The Atlanta Dream will not bring back Courtney Williams and Crystal Bradford after they were involved in a fight in May, according to WNBA agent Marcus Crenshaw.
“I talked to them, and they told me they didn’t want to bring both back,” Crenshaw, CEO of The Fam Sports Agency, told Girls Talk Sports TV during an Instagram Live on Tuesday.
He said the Dream were aware of the incident when it happened but chose not to discipline the players then. Williams apologized for her role in the fight Monday, a day after the video surfaced showing Williams and Bradford getting into a skirmish next to a food truck. Williams also addressed the incident Sunday night in a YouTube video with her girlfriend but has since deleted the post.
“The team knew about the situation months ago,” Crenshaw said. “Right now, the team is trying to act like they have the morals, and [they’re] making [the players] some sort of scapegoats by saying they got put off the Dream because of the altercation.”
Crenshaw said the Dream have been aware of the fight since May. Both the team and the WNBA, however, said on Monday that they were still gathering more information.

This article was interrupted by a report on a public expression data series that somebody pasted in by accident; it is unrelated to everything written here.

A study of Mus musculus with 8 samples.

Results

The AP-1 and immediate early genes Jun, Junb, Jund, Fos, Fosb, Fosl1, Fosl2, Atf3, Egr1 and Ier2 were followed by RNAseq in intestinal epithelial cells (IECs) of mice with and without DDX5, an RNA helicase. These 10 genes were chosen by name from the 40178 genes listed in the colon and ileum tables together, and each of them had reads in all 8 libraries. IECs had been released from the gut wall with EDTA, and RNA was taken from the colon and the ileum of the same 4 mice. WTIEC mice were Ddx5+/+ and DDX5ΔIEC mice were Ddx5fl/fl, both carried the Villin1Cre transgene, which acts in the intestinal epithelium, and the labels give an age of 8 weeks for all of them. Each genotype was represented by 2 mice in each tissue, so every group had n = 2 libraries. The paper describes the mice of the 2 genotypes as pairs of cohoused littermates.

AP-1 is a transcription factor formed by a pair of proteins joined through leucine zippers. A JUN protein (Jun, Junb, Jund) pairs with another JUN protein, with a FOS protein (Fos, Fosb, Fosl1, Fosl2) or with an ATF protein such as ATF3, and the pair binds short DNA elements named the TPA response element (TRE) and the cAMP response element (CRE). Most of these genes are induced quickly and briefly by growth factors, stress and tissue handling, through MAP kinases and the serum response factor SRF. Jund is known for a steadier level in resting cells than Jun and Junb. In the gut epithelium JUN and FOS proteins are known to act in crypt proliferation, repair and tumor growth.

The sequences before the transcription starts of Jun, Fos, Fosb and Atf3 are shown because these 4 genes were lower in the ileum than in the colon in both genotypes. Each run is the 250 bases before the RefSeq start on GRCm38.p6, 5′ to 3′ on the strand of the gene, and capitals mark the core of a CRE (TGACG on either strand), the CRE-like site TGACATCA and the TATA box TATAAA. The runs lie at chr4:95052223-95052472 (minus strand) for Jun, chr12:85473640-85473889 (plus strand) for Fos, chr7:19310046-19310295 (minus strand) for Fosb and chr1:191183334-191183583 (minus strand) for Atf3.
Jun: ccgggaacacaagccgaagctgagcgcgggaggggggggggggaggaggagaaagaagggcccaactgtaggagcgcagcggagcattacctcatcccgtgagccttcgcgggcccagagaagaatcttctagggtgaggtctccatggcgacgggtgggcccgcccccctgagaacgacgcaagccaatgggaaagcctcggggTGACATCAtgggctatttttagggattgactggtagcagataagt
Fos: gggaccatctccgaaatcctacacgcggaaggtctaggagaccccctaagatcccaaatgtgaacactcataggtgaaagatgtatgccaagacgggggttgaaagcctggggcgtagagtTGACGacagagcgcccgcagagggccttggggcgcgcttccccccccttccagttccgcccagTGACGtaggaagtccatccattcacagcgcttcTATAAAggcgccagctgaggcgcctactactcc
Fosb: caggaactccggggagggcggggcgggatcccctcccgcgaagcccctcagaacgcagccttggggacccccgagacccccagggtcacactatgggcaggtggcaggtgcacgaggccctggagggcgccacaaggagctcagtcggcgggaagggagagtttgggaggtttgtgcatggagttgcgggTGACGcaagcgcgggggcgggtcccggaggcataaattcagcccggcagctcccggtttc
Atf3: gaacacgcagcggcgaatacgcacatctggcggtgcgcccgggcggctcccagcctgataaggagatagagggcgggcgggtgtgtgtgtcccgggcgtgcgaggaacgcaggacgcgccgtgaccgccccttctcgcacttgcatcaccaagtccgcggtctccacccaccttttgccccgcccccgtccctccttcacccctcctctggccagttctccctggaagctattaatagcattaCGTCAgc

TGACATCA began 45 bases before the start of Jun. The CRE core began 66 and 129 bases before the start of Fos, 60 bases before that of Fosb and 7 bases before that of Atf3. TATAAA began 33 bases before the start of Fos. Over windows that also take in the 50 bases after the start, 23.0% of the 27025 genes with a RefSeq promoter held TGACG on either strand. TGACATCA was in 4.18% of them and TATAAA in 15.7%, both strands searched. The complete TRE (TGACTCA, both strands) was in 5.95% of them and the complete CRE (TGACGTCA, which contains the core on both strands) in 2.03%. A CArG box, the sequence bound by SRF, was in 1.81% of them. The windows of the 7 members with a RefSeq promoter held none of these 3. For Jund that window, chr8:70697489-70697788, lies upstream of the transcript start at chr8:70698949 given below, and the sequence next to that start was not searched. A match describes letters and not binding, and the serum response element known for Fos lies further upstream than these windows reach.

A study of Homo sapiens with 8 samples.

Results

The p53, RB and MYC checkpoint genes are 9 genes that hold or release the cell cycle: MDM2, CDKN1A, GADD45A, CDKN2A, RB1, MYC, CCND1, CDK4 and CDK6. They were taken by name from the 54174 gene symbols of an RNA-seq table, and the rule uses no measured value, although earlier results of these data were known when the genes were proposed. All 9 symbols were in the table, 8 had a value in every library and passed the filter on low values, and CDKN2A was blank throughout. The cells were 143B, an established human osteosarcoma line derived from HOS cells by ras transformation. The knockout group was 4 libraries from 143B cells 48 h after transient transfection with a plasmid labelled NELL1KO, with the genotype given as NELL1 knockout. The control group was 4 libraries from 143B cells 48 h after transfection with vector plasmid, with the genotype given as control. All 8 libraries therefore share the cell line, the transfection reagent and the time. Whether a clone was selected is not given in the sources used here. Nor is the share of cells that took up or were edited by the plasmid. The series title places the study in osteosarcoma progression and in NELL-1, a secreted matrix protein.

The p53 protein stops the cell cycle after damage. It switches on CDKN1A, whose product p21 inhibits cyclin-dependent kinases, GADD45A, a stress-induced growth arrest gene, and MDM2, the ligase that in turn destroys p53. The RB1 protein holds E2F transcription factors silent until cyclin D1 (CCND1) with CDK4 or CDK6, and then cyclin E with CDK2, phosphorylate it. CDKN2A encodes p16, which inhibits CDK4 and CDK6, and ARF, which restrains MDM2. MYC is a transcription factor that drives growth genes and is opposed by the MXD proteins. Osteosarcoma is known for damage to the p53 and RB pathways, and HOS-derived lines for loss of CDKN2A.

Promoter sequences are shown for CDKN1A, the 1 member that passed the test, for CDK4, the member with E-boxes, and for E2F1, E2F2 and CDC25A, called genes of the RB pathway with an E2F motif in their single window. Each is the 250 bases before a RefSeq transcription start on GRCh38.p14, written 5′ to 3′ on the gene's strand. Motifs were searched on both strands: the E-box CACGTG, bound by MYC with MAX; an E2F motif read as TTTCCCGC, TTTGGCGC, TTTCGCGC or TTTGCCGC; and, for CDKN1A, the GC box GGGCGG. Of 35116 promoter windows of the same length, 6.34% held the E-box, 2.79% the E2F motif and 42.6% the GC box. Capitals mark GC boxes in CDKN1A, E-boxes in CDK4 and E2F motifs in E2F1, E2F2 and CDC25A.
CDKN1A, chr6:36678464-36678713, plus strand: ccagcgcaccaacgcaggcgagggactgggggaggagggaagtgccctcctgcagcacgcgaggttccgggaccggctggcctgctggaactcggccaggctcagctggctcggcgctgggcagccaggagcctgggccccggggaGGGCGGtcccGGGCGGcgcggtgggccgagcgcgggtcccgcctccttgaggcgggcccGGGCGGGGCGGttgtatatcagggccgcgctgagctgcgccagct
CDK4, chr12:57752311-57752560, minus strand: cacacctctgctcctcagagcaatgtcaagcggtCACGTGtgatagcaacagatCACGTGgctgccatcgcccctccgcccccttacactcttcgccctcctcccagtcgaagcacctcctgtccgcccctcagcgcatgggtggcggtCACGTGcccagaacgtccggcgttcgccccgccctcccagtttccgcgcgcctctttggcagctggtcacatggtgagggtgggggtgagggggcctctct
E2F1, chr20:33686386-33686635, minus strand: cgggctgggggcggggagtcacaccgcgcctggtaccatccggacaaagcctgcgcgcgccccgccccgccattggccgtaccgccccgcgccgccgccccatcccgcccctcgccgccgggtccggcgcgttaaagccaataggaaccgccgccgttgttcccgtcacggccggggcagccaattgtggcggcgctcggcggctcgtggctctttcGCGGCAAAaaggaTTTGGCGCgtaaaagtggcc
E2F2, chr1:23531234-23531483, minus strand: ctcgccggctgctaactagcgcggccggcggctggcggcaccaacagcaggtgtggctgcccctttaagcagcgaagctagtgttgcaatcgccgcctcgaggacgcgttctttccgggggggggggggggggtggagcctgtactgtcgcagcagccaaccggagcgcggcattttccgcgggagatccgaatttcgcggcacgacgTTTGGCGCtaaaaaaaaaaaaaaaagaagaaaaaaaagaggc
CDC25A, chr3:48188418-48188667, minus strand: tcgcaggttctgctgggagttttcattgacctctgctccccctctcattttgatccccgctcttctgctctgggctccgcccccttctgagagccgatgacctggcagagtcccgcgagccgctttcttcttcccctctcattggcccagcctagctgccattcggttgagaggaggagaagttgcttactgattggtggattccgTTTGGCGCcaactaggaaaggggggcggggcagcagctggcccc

“The behavior in the video is unacceptable and does not align with our values as an organization,” the Dream said in a statement. “We are taking this matter very seriously and working with the league to gather more information and determine next steps.”
Williams and Bradford will both be unrestricted free agents this offseason.
It’s been a tumultuous couple of months for the Dream. Second-year guard Chennedy Carter continued to hint at her frustration with the team on Sunday after she was suspended indefinitely in July for “conduct detrimental to the team.” Carter has since broken her silence twice — once at the end of the season and once on Sunday.
Williams, the Dream’s lone All-Star this season, led Atlanta with 16.5 points and 6.8 rebounds per game. The guard’s season ended in August due to a foot injury.
Dream co-owner Renee Montgomery addressed the situation on Twitter on Tuesday. “As a franchise,” she wrote, “we have to take the good with the bad, it’s part of the game.”